First, a brief transition that doesn't have much to do with the rest of what we're going to look at, but sure is pretty...
Except for those three pictures, I've cropped all the frames in this first shot exactly the same - and just enough so that my sitebuilding program will show them at full size (it reduces any image more than 800 pixels wide). I won't be cropping every shot in this scene, but in this one getting Frodo's face a little larger is worth cutting off the sides. This is another long, lingering camera shot; it'll take us a couple of pages to get through it. It's also very good scrolling material, so all of the commentary will be at either the top or bottom of the page, with links to some of the pics mentioned.
When I start making one of these individual scene sections for the site, I often use one I've already made as a template. When beginning to build this one on the Amon Hen pages, I noticed that my first statement there was how trusting movie-Frodo seems to be of Boromir. But between that scene and this one, movie-Frodo's been through two movies and several lifetimes and is anything but trusting of an unexpected occurrence. After all, the last time he woke up in an unknown place, it was the tower of Cirith Ungol. The sunshine and the chirping of birds don't mean it's safe.
From frame 2, when he first begins to open his eyes, until 17, all that moves is his eyes. But they do move, taking in all of the location he can see without turning his head. If he's a prisoner he doesn't want his captors to realize he's awake any sooner than necessary (a similar reaction to the one he had when first waking in Cirith Ungol). From frame 17 to 25, he still doesn't move very much: just turning his head and slightly shifting his left hand. His right hand stays motionless on his chest until 25.
When I tried to figure out why I thought he was wary in the first part of this shot, rather than simply weak and tired, I decided it had a lot to do with the set of his mouth, which stays closed, straight, and expressionless until he makes the decision to move his right hand - that is, until he decides to sit up. From that point on, we begin seeing some of Frolijah's slightly open-mouthed, vulnerable look.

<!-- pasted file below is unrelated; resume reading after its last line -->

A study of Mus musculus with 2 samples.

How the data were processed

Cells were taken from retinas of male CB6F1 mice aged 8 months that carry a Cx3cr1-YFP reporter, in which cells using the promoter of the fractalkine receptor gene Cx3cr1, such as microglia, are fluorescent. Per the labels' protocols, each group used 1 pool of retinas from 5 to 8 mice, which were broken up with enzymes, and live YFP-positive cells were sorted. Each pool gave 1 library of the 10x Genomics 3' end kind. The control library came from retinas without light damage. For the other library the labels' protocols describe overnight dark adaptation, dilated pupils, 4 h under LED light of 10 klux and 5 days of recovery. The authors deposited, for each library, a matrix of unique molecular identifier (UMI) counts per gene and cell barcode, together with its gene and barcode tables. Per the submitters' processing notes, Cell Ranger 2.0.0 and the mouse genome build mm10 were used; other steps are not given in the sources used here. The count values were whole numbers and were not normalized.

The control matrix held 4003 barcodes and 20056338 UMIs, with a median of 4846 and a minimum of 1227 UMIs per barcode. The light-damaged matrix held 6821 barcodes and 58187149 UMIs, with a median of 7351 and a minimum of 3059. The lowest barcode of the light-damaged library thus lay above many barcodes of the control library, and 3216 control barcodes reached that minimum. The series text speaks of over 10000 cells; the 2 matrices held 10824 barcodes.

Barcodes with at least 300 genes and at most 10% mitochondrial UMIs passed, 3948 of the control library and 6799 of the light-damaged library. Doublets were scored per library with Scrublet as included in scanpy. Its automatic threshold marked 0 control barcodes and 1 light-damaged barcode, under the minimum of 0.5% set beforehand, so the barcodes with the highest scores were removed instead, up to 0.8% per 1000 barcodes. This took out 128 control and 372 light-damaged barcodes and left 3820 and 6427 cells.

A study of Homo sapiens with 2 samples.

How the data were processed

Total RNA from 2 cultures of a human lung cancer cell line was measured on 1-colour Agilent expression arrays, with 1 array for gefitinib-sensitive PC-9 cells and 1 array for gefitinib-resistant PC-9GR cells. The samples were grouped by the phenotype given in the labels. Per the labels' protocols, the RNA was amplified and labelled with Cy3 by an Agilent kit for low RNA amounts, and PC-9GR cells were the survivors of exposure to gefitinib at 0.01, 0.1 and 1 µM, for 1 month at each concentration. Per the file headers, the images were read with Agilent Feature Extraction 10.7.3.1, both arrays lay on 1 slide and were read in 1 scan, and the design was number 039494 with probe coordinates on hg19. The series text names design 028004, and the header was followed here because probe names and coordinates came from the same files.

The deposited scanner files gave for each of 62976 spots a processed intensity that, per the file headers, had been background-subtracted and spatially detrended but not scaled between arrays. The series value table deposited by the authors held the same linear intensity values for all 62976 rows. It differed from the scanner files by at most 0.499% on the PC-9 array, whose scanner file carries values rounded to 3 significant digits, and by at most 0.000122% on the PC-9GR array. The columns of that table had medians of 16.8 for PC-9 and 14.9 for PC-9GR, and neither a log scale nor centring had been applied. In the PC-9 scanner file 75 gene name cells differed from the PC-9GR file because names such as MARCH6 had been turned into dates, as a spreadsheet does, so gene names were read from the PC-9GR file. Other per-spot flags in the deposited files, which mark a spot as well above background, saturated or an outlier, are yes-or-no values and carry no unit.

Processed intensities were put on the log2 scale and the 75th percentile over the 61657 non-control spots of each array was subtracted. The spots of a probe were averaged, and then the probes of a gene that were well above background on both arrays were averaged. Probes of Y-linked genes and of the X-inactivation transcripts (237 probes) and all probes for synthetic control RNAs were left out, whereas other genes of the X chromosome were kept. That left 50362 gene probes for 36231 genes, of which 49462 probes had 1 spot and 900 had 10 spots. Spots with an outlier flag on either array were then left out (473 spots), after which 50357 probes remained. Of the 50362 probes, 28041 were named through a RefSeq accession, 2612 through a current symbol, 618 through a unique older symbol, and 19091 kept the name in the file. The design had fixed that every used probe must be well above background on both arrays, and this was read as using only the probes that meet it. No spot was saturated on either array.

In the last few frames on this page, it almost looks as if he's forgotten how to sit up and has to figure out the dynamics. From how active he is just a few moments later, it doesn't seem that he should be too weak to sit up easily. But, actually, the position he's in doesn't make sitting up simple. Rather than just lying in bed, he's propped up on a large pillow. The impression is that someone's purposely elevated his upper body. The following is pure speculation as far as any plans of the people making the movie, but it makes medical sense: After Frodo and Sam were flown away from the molten lava and noxious fumes, the thing most likely to kill them was almost certainly dehydration. It's dangerous to give fluids orally to an unconscious person, but in their case it would have been much more dangerous not to. In the days before IVs, orally was the only option. In that situation, of course, you'd elevate the person's upper body, so that would have been Frodo's most likely position in bed.
A good detail is that Frodo's "hospital gown" fits him relatively well here, as opposed to the one in Rivendell which was too large. There are children in Minas Tirith, so there are some hobbit-sized nightshirts around.